Nipissing First Nation Chief Marianna Couchie.

Nipissing First Nation Chief Marianna Couchie.

By Kelly Anne Smith

Chief Marianna Couchie has some last words of wisdom for future generations.

The ecological state of Nipissing First Nation lands has Chief Marianna Couchie calling for a halt to the Energy East pipeline project.

Recently, the National Energy Board included Nipissing First Nation on the list of Aboriginal groups and First Nations that can take part in the application process for the Energy East pipeline.

In an interview for Anishinabek News, Chief Marianna Couchie wanted to make herself quite clear on where she stands on the proposed pipeline.

“A lot of our members are worried about spills/ruptures in our lands and the environmental consequences. We have been ‘granted’ intervenor status on the Energy East pipeline. We do hope that the project will be halted. One only needs to look at what happened in Alberta July 15th where a newly installed pipeline ruptured and the environmental disaster that occurred. We do not want to see this happen across our Territory or other parts of Ontario. This is an old pipeline that was made for gas distribution. Sending the heavier bitumen oil through it is a disaster waiting to happen.”

Lake Nipissing could be contaminated by an Energy East spill but that is not all that has worried Chief Couchie for years about the Lake. As Chief Couchie steps down from office, she educates and has warnings about the walleye fishery.

“Lake Nipissing was originally filled with Blue Walleye. Early in my first term in office, we were doing so much. We were putting a quarter of a million dollars yearly in doing our part to preserve the walleye. I hope people will see the importance of protecting the walleye species. Last season, we closed walleye fishing early. Now there are new regulations with the angling season coinciding with the netting season. There are new nets with bigger holes so that adolescent fish can swim out. And we ask people not to spear, because those are the spawners. I do hope with these efforts and with the rebranding of the lake, the walleye are protected.”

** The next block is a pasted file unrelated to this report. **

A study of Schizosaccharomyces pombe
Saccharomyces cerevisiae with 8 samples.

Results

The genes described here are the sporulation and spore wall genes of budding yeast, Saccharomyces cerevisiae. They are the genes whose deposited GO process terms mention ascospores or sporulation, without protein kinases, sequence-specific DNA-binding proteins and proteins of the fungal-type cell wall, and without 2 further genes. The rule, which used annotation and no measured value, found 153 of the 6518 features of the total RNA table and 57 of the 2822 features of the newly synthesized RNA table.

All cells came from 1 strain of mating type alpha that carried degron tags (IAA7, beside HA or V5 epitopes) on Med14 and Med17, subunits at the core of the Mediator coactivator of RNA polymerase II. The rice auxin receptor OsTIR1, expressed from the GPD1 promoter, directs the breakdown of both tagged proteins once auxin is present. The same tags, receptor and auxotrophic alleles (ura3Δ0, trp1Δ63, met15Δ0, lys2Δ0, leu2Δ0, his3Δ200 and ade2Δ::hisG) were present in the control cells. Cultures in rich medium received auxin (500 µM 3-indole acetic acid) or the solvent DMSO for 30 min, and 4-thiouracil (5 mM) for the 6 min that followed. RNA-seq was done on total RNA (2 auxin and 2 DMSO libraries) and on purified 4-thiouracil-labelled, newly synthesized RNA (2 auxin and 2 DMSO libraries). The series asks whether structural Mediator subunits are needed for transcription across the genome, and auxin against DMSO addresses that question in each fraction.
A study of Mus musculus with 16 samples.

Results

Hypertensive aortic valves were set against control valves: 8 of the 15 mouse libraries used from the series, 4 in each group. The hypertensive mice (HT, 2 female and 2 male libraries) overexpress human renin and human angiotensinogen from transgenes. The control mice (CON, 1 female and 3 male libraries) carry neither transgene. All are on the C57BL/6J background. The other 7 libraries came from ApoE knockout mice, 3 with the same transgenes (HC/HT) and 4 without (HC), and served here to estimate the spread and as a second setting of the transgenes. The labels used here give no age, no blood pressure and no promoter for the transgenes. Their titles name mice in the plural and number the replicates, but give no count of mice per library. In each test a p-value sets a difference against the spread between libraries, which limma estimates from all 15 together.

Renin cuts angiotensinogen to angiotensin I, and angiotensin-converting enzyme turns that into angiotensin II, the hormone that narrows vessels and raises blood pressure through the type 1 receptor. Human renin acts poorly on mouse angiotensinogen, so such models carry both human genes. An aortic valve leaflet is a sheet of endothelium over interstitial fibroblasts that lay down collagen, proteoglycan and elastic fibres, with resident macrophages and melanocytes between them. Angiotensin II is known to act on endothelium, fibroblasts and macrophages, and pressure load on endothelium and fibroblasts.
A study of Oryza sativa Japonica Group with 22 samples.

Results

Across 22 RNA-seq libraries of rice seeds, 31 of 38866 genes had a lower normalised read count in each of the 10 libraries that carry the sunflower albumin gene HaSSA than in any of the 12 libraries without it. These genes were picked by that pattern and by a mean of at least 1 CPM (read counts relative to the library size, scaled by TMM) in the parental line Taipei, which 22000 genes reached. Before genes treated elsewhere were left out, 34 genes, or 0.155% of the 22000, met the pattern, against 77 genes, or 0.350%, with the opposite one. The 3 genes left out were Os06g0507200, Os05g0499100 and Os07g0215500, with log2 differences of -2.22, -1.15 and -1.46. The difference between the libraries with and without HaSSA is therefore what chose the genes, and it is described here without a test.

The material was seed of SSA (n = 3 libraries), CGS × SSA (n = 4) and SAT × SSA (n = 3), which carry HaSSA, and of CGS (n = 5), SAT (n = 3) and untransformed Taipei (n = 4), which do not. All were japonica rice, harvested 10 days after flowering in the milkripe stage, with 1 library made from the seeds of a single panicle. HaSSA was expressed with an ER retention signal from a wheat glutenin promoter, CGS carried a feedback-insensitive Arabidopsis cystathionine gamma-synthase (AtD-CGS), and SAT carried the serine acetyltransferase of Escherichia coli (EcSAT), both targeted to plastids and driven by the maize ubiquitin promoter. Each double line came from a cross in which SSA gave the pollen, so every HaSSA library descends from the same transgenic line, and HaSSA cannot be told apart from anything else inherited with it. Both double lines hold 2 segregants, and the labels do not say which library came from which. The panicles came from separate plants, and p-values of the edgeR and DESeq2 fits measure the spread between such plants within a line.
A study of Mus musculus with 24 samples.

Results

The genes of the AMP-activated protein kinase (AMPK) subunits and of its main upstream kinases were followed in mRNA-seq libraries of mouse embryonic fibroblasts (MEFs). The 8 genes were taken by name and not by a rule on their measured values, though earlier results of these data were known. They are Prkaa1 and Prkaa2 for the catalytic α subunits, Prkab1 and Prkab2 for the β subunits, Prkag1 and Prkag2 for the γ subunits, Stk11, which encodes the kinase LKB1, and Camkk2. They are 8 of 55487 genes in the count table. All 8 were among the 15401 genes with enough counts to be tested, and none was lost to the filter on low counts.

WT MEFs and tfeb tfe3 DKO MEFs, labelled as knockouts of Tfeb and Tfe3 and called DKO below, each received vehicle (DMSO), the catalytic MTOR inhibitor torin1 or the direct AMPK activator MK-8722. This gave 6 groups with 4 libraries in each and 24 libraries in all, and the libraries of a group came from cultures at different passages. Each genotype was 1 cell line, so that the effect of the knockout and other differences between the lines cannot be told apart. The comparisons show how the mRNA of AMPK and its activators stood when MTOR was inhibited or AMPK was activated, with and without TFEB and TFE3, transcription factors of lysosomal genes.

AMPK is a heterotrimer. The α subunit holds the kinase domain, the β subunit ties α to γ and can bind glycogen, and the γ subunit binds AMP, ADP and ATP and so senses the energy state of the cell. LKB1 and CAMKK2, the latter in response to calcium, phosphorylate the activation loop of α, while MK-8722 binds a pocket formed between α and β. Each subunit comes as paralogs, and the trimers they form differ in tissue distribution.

The chief started the Lake Nipissing Summit to unite all the community leaders on the shores of Lake Nipissing. “We signed a stewardship agreement to protect the lake and I’d like to see that summit continue.” Chief Couchie says eco-tourism involving trail development to provide hiking opportunities has to be promoted as well as water sport opportunities like kayaking and canoeing.

Chief Couchie talked of the many positive changes for Nipissing First Nation under her leadership.

“The negotiated land claim was very good for prosperity for our First Nation. The government started off with an offer of 65-million dollars. Right away we said no to that offer. The credit for that land claim settlement really should go to Joan McLeod, our Lands Manager. The amount of research she did on that land claim was phenomenal. Every time we would go to Ottawa, we would meet with the negotiators and they would add a few more million. Then the final offer was $123.9 million dollars. Everyone received the per capita distribution of $20-thousand dollars. We have invested $83-million dollars. We continue buying original lands back where we can.”

During her time in office, Chief Couchie has been a staunch protector of Nipissing First Nation rights, overseeing a constitution written to guarantee the band’s Treaty rights. Gichi Naaknigewin became law in January 2014.

Another project Chief Couchie is proud of is the new solar panels on Nbissing Secondary School. The Chief says the band is working to have the energy generated into a sound investment.  “I would have liked to see the energy wired to homes here.”

The Chief talked about other improvements on Nipissing First Nation. Plans are in motion for new housing units to be built, suitable for the elderly, and social services will continued to be strengthened. She gives thanks to fellow councillors, especially June Commanda. “I would hope the new Council recognizes the importance of that woman.” Chief Couchie says Commanda served as an elder and a community historian while she was Deputy Chief in the last two terms. “With different scenarios, she would speak and say, ‘I remember’ and she would guide us in our decision making.”

Chief Marianna Couchie has served her community for three terms as Chief and one term as Deputy Chief.  As Chief Couchie retires from her political career, she turns her energy towards her teenage children.  She’ll take time for herself she says, appreciating nature and recording it as a photographer.